A direct comparison of Cytoxan (Cyclophosphamide) and Cellcept (mycophenolate mofetil) showed that the drugs are equally effective in stabilizing, and even improving, lung function in scleroderma patients with lung fibrosis.
Since Cytoxan might be more toxic when used for extended periods, the study, “Cyclophosphamide versus mycophenolate mofetil in scleroderma interstitial lung disease (SSc-ILD) as induction therapy: a single-centre, retrospective analysis,” published in the journal Arthritis Research & Therapy, suggested that Cellcept might be a better choice for long-term treatment — an idea that, nevertheless, needs support from larger and randomized clinical trials.
Both of these immunosuppressive drugs have been used to treat lung fibrosis in scleroderma patients with positive results, but so far, no side-by-side comparisons of the drugs have been made. Researchers at the Centre For Arthritis & Rheumatism Excellence (CARE) in India recruited 57 scleroderma patients with significant lung fibrosis, who had not previously been treated with immunosuppressant drugs.
Study participants was divided into two groups, with 34 receiving Cellcept, and 23 treated with Cytoxan. Before the start of treatment, and again after three and six months, the patients’ lung function was analyzed with spirometry, looking for changes in forced vital capacity (a measure of lung function).
After six months, patients in the Cytoxan group were seen to have improved their forced vital capacity by 10.8%, and patients treated with Cellcept by, on average, 6%. While the improvement was statistically significant in both groups, researchers could not find a statistically significant difference between the treatments.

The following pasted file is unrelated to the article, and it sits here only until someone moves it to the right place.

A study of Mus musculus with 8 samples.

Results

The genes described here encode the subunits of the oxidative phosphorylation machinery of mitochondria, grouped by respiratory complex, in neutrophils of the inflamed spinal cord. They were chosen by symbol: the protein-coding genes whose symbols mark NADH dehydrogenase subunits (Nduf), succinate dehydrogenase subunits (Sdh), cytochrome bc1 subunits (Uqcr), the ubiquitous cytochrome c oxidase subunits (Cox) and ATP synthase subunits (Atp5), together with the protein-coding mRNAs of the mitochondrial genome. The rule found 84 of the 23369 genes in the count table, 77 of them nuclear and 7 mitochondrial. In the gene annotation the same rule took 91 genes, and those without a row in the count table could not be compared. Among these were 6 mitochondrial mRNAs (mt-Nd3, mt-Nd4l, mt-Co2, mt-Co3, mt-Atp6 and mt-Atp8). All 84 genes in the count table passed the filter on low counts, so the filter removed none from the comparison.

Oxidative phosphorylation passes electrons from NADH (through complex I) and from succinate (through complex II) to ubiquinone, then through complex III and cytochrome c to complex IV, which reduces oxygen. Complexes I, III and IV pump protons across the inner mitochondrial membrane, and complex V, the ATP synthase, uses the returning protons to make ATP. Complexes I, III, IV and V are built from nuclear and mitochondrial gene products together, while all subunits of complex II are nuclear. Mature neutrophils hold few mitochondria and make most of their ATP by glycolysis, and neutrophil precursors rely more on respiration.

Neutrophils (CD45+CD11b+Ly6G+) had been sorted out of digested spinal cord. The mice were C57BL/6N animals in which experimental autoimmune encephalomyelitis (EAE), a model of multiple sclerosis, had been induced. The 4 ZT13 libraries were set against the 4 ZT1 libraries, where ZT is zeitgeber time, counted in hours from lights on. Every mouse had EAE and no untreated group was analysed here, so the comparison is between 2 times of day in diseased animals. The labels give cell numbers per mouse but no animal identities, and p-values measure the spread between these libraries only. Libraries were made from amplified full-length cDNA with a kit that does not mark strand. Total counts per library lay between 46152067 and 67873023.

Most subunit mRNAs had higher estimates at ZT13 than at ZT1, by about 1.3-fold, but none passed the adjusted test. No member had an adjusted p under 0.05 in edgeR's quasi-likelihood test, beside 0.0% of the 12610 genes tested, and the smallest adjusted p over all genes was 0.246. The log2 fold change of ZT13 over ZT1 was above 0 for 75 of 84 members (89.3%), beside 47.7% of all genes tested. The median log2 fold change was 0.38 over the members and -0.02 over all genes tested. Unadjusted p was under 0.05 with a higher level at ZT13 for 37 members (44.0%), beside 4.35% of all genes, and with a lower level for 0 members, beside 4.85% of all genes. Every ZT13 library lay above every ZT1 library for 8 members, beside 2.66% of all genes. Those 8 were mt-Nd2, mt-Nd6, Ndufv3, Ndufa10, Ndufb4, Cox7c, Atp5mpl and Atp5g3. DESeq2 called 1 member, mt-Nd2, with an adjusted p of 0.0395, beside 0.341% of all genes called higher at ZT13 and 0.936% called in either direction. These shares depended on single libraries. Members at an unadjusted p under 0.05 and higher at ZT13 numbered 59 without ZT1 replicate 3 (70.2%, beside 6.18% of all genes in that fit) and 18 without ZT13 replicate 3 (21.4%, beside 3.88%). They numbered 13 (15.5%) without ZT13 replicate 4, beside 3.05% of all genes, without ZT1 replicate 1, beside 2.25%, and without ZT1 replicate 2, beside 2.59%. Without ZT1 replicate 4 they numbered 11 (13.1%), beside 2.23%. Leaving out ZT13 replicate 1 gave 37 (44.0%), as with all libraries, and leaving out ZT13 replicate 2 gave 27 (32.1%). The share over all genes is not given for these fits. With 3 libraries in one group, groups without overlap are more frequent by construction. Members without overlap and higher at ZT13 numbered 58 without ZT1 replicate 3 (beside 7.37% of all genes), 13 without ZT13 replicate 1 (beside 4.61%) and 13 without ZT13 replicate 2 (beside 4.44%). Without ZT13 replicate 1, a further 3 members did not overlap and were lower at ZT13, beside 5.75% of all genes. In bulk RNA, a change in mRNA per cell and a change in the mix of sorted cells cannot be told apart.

The American Thoracic Society defines improvement in lung function as an increase in forced vital capacity by 10% or more, while stabilization being defined as an increase by less than 10%. This means that although researchers could find no statistical evidence of differences between the treatments, the Cytoxan group improved, while the Cellcept group stabilized.
Looking at actual changes within the groups, the comparison showed that more patients improved and fewer worsened among those in the group receiving Cellcept — 78.26% increased, 17.39% decreased, and 4.35% experienced no change — compared to Cytoxan-treated patients, where 68.57% increased, 28.57% decreased, and 2.85% had unchanged lung function.
Nevertheless, the study was relatively small and limited by a lack of other types of measurements, such as high-resolution computed tomography lung scans. The study also lacked an untreated control group, prompting researchers to suggest that the findings need to be validated in a larger randomized trial.
While a direct comparison is crucial, other research groups have attempted to use the two drugs together. Scleroderma News recently reported that researchers attempted to treat patients with an induction therapy using Cytoxan, followed by maintenance treatment with Cellcept, which could be a way to reduce the long-term toxicity linked to Cytoxan (a chemotherapeutic drug).